Remembering Tony Faul, a son’s tribute

Sympathy is extended to the family and friends of Anthony ('Tony') Leo Faul, who passed away at Orange on 19th September 2018, at the age of 90.

He is survived by his children Peter, David, Colleen, Joseph,William and Jane, their spouses and families.

The graveside funeral service for Mr Faul was held in the Catholic portion of the Eugowra cemetery with Father Laurie Beath officiating.

William Faul wrote and read his father's Eulogy:

We are here today to remember the man we knew as Tone, Dad, Old Man and Pop.

Tony was born in Orange on April 16 1928 to Margaret Bridget (known as Marge) and Leo Faul. He was the brother of two sisters Marion and Judy whom he protected and loved as much as his darling mother.       

In 1939 Tony’s father Leo enlisted in the army and Tony did not see him again until much later in life.  

As a young boy in 1935 at the age of 7yrs Marge sent Tony to Coonamble to live with Jack and Mary Landers while she cared for her two young daughters.  There, he attended school in Coonamble, and with Jack learnt about the land, sheep and shearing and most of all horses. He was given his first pony by Jack, so he could ride to school with his mates.

Talking about Jack would bring a cheeky grin to his face with a laugh and a tear in his eyes for the man he knew as his father.

His love for horses stayed with him throughout life, with his kids riding the horses he would bring home to be broken in.

He also loved the ‘Red Hotters’ -  he was given a life membership of the Eugowra Trotting Club in August 1994 for his tireless hard work and commitment to the club.

As a young fella, Tone was pretty handy at footy, playing for Grenfell and winning the Maher cup in 1952.

Before he was married Tone liked to attend the local dances in Grenfell and told a story about having a hard time getting Norma on the hook so thought he’d make her jealous by taking another young lady to the dance, it worked!

In 1953 he married the only woman who could handle him - Norma Dawn Shaw.

As a couple they enjoyed dancing and tennis they looked so happy on the dance floor. They quickly had 3 children, Peter in 1953, David in 1955 and Colleen in 1958. In 1959 the family moved to Eugowra so Tone could continue playing football. Then along came Joseph in 1960 and William in 1961.

At this stage Norm demanded it was time to hang up the boots and in his last season for Eugowra in 1962,  when Eugowra played Macquarie it was noted that he was sent off playing in the centres rather than his usual position in the front row.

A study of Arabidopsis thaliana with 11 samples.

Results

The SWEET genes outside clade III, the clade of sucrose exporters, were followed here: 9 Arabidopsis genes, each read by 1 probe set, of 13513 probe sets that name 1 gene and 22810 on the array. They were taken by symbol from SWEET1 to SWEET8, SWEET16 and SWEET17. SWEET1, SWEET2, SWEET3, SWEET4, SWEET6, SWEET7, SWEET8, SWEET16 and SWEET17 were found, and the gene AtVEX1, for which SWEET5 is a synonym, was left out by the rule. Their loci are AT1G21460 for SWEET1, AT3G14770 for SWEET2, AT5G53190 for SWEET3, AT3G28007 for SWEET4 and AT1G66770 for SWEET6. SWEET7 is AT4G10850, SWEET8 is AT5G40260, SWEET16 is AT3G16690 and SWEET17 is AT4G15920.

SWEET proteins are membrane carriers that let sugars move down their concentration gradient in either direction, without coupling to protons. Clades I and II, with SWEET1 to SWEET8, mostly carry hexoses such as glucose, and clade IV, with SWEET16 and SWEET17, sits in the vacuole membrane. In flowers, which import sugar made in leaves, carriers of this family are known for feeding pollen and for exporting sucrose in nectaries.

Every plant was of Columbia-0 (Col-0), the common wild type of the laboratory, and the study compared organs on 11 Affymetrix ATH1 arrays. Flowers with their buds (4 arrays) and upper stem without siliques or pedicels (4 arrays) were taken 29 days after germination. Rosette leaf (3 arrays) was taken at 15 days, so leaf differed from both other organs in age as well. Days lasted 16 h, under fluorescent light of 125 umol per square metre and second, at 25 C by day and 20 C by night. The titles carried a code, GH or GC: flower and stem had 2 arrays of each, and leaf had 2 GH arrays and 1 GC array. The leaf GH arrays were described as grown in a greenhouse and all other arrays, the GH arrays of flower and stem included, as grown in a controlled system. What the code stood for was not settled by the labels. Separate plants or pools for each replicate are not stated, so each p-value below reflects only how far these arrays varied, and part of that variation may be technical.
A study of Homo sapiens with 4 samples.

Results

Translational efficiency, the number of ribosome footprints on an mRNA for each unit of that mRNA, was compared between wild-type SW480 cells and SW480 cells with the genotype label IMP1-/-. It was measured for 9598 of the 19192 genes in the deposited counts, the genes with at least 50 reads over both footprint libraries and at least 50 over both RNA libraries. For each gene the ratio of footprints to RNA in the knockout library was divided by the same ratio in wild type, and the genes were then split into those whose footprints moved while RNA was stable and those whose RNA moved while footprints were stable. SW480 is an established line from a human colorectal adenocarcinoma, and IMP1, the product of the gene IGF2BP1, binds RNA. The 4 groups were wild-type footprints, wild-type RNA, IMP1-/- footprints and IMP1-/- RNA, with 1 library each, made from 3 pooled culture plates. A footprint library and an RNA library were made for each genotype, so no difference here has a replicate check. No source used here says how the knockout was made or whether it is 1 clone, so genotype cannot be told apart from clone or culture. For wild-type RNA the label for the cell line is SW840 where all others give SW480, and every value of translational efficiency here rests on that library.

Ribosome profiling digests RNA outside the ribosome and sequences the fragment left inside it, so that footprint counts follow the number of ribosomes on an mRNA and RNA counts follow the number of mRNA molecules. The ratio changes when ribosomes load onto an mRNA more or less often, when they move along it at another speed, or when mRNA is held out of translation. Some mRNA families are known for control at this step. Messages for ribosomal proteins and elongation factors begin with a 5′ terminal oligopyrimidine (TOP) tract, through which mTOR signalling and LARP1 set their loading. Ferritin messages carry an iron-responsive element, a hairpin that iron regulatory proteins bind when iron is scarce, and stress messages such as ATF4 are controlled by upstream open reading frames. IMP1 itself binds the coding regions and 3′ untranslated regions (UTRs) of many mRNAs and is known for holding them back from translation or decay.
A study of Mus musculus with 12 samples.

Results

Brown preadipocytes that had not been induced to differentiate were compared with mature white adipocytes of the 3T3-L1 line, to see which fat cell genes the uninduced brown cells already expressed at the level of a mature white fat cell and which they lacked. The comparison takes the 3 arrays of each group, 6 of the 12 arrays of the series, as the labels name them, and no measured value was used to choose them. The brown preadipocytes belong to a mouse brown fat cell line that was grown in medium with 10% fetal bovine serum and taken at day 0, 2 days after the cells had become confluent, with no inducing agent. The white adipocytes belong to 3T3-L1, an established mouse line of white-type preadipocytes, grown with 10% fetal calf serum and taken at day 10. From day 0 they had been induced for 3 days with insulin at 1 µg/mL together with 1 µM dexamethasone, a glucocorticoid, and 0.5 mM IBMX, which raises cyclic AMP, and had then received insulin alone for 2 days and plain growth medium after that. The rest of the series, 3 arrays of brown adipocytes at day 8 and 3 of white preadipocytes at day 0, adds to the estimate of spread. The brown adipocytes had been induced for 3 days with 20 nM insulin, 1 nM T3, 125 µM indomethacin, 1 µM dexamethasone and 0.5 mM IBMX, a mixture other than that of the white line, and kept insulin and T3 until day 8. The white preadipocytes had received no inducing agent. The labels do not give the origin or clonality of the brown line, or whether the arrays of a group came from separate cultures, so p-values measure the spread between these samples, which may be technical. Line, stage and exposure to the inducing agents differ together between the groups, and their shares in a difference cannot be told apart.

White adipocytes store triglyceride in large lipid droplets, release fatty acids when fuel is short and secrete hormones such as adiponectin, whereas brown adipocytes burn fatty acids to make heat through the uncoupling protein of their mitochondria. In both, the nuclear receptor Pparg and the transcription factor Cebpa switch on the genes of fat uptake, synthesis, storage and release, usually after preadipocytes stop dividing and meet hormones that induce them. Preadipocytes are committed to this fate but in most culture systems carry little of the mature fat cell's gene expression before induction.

Finally Jane arrived in 1966 in an almighty hurry. Norm didn’t even make it to the hospital.

From here life was one of hard work and determination which he instilled in all of his children. He was a staunch Labour supporter, who not only worked hard but played hard at days end.

Tony was known around the area for his teaching of young shearers and training horses. As life slowed down he looked for less physical work and a quieter life.

It was then he commenced work with Keith Hoswell, Teddy Harris and Jack Hay at Eugowra Sawmill. He then moved on to his final job as a wardsman at Eugowra Memorial Hospital where he made many good friends and ate too many of Grace, Mavis’s and Mrs Perry’s cakes. He would ride his pushbike to and from work every day.

As the children married and the family grew and life slowed down. Tony and Norm had more time to enjoy with their grandchildren. Regularly raving at the Newsagents about their sporting accolades and other achievements.

On Sunday the 27th of April 1997 he suddenly lost ‘Mum’ his best-friend, soul-mate and mother of his children.

Tony eventually had to part with his beloved property ‘Linfield’ and move into care at Eugowra MPS and eventually to Orange to be closer to family. It was here he made great friends who loved and gave him the care he needed right ‘til the very end

Dad said – ‘He enjoyed the ride, played hard, loved harder and laughed but most of all had no regrets’.

At last Tone it’s time to dance once again with ‘Mum’ you’ve been waiting such a long time.